Baylor Magazine Article

Eddie Davis

Jenn Lindsay, head of Baylor’s Middle School since 2018 and an educator for more than 17 years, is keenly aware that every adolescent will need a little help now and then. She also knows that Middle School students may not seek that help.

“Their developing minds and bodies are driving them to be independent,” Lindsay says. “They don’t want to ask for help. We want them to learn how to ask.” Teaming up with Director of Middle School Support, Dr. Christy Tomisek, and Director of Wellness, Jenny Green, Lindsay has overseen the updating of support systems in the Middle School that has included learning support, counseling, the adviser system, physical education, and the wellness program.

Baylor opened and dedicated a Middle School Learning Center this fall and hired Henry Blue as its full-time learning specialist. A generalist in humanities, writing, and analysis skills, Blue teams with Tomisek, who specializes in identified learning disabilities or styles. Blue is available throughout the school day and before or after school for students who are referred by teachers or come on their own. “We have quite a few students in the center throughout the day, so I would say we’re meeting the needs of kids more so than we did in the past,” says Lindsay. “With learning support in the open and not isolated, it removes a lot of the stigma and misconceptions students may have.”

Students need to know that who they are is not just the grades they make, their level of academic success.There is a resource for everything a student could need here at Baylor.

Although Lindsay says the school’s view of counseling is a “whole-school endeavor,” the Middle School has also hired Lizzie Corey Gendimenico ’06 as a counselor dedicated to grades 6-8 in addition to the learning and counseling support provided by Dr. Tomisek. “The Upper School counselors have an open-door policy toward Middle School students,” explains Lindsay, “but having two counselors in the building and accessible is important. We’ve had some fairly normal student issues come up, and we’ve been able to jump in and calm them down in the early stages. It feels as though our approach is working. I think it will only get better as we go along.”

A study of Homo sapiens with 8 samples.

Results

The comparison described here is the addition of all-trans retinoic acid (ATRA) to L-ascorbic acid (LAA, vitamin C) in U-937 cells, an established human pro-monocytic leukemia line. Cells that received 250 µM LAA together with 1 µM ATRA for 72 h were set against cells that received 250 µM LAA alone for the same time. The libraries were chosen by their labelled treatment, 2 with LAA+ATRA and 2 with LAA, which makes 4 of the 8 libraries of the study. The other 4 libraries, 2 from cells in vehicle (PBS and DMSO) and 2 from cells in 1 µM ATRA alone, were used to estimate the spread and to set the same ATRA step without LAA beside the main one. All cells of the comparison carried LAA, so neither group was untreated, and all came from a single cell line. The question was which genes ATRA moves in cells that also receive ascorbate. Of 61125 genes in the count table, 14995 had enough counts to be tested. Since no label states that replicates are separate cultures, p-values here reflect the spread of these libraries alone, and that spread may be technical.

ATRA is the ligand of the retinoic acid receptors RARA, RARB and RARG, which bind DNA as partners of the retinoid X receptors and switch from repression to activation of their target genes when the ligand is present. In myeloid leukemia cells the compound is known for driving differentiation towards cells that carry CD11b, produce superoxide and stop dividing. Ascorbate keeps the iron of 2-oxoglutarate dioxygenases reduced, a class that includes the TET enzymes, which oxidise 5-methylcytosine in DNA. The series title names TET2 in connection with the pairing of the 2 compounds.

Advisers in the Middle School also play a large role in student support. In addition to the weekly adviser group activities that promote community, the meetings also feature topics such as time management, leadership, and cooperation. “The advisers are our eyes and ears in the classroom and may recognize behavior changes that point to an issue where we can offer support,” Lindsay says. “The adviser acts as a liaison between parents and the support systems we have in place.”

Additionally, physical education and wellness classes now alternate on a daily basis, providing more movement during the academic day. “I felt this change was very important,” explains Lindsay. “Movement during the day, and the blood flow it creates, is a huge part of development. It is good for students academically and emotionally to use some energy during the day. With P.E. and wellness within the normal class rotation, they get more movement throughout the entire year.”

Lindsay hopes to see every Baylor Middle School student progress to the ninth grade with a strong academic foundation. The support systems currently in place should also help them move forward with a healthier sense of personal identity and community as well. “Students need to know that who they are is not just the grades they make, their level of academic success,” she says. “There is a resource for everything a student could need here at Baylor. Nobody falls through the cracks.”